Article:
The first track on Erin Judge’s debut album, So Many Choices, is a bit of a litmus test. It lampoons singles night at a Whole Foods, which, amazingly, isn’t the entire joke. Judge explains that Whole Foods is a grocery store for people who are “extremely wealthy and a teensy bit conscientious.” The concept frightens her. “What if some macrobiotic vegan and some fibromyalgic with a gluten allergy come together and make a shitty baby who can’t digest anything? It’s bad for the species.”
Those who have never been to a Whole Foods or are unfamiliar with the concept of a macrobiotic vegan may still find the bit funny, but the laughs will be more rewarding for those who might have seen one in the wild. Or an actual fibromyalgic macrobiotic vegan who met his or her significant other in the organic frozen snacks aisle. Judge is in her element when poking fun at the hoity-toity proclivities of the left-leaning. And she is particularly deft at letting them in on the joke.
Judge knows of what she speaks. She started comedy at Wellesley College (running an improv show), then began her professional career in the alternative scene of Cambridge, a city across the Charles River in Boston that’s earned the nickname “The People’s Republic of Cambridge.” She’s worked at Harvard, and her husband loves Jane Austen, which makes him irresistible to snobby bookstore clerks. Judge’s comic perspective is steeped in those personal experiences.
There is nary a mention of electoral politics on the album, but Judge’s preferred subject matter speaks to the heart of social and cultural issues that tend to divide along party lines. She is light-hearted and affable, but doesn’t sacrifice her point of view to score points. This is clearest on the title track. Judge declares her membership to the LGBT community, wondering aloud about the mystified reaction she sometimes gets to the fact that she is bi-sexual. How does she ever choose a mate given so many choices? She has precisely two choices—dudes or chicks—she explains, her amusement clear in her voice. “Dudes are dumb and chicks are nuts, and those are my choices.” Her grandmother was also confused by Judge’s bi-sexuality, and blamed it on everything from Judge’s time in Massachusetts to too much tofu. “Tofu is the gateway to pussy,” she said, which Judge thought would make an amazing product slogan.
Judge is talented at taking the air out of a subject. Being a Wellesley grad, she knows a lot of people pursuing alternative careers, including a friend currently studying to become a midwife. “We have those again, I guess,” she marvels. “I don’t call myself a jester, but whatever.” Judge also grew up in Plano, Texas, a place she calls a “yuppie suburban hellhole” where the people give their kids names like “Sequoia” and “Hunter” to remind them of “the wilderness they tore down to build it.” Sex education was taught by the football coach, who showed slides of terrible diseases one could get just from making out in the back of a car. She was gay bullied there, but has a story about resolving the situation that is so satisfying, she can’t in good conscience make an “It Gets Better” video.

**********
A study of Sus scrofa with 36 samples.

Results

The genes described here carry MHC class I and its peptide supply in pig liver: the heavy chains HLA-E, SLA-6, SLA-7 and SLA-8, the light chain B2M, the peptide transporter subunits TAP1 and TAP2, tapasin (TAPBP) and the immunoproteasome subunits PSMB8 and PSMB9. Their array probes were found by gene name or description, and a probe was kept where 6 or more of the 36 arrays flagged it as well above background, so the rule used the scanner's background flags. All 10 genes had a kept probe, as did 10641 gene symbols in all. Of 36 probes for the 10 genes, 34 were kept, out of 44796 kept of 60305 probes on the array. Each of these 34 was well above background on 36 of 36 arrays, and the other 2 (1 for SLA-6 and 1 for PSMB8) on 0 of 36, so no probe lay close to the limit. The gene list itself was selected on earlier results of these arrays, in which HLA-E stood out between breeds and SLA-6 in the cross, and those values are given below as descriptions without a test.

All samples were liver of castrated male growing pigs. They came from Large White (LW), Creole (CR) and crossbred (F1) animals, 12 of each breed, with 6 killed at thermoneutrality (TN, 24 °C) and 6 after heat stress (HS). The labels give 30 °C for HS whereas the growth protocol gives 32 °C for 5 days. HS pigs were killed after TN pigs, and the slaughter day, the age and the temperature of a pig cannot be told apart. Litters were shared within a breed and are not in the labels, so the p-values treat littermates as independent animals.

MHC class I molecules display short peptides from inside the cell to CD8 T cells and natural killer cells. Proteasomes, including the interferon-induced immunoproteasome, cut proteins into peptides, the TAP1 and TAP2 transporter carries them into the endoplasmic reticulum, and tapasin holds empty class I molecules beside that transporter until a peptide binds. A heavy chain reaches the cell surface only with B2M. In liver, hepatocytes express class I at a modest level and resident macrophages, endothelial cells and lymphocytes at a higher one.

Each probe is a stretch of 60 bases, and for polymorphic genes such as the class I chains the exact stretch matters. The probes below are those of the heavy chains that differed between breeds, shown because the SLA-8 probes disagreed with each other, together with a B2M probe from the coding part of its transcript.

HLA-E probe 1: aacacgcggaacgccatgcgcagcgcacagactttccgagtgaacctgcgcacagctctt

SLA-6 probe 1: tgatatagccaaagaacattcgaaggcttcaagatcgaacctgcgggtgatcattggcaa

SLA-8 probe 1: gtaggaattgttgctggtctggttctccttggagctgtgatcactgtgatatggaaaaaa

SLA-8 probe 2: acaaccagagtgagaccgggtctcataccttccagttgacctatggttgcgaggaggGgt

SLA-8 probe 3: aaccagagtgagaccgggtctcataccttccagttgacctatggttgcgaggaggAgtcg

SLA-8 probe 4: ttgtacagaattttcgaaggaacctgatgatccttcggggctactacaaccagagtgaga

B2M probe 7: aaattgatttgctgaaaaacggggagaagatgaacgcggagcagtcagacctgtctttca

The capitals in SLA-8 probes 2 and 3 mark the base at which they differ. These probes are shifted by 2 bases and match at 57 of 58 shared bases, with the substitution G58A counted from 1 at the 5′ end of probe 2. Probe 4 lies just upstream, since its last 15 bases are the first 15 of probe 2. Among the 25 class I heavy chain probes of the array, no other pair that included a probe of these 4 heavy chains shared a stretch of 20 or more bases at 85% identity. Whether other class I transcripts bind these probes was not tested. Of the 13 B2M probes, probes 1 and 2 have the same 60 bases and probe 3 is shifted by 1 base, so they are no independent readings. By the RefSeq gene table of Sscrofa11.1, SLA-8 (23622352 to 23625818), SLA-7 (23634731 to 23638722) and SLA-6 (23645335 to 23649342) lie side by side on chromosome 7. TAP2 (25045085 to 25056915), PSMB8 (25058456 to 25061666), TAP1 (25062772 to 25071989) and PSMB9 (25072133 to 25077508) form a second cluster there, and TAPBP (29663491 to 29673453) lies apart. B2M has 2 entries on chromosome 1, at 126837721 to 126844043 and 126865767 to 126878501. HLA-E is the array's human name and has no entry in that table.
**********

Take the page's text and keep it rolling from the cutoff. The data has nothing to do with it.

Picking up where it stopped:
A lot of comics have made fun of Cosmo Magazine’s infamous sex advice and quizzes, but Judge’s is the definitive joke on the topic and possibly the only one that makes an allusion to Poe. She cites one tip in particular on how to drive your man crazy, which is “Make Time to Have Sex with Your Man.” Judge offers a few alternatives, chiefly not making time to have sex with your man. Also, throwing away one of his socks on a weekly basis and hiding a clicking clock under the floorboards.
In a bit about her self-image, Judge remains confident while acknowledging she might be out of step with current standards. “I used to, like, diet and worry about that stuff, but now… I think I accept what it is I look like, which is a supermodel,” she says, “from 500 years ago.” Full-figured with red hair, she calls herself “your whole circa-1508 hottie package,” which led her to toss her bathroom scale and replace it with a giant shell. [See her album cover image's adapted Botticelli.]
There are traces of Wendy Liebman (“For a long time I subscribed to this magazine called Gourmet because I am a bit of an amateur asshole.”) and Kate Clinton in Judge’s delivery. She’s a sharp writer, although there are a few clever bits on the album that ultimately elicit more smiles than out-loud laughter. On balance, So Many Choices is a smart, funny debut, cementing Judge’s place as one of few comedian on the rise boasting a truly unique perspective.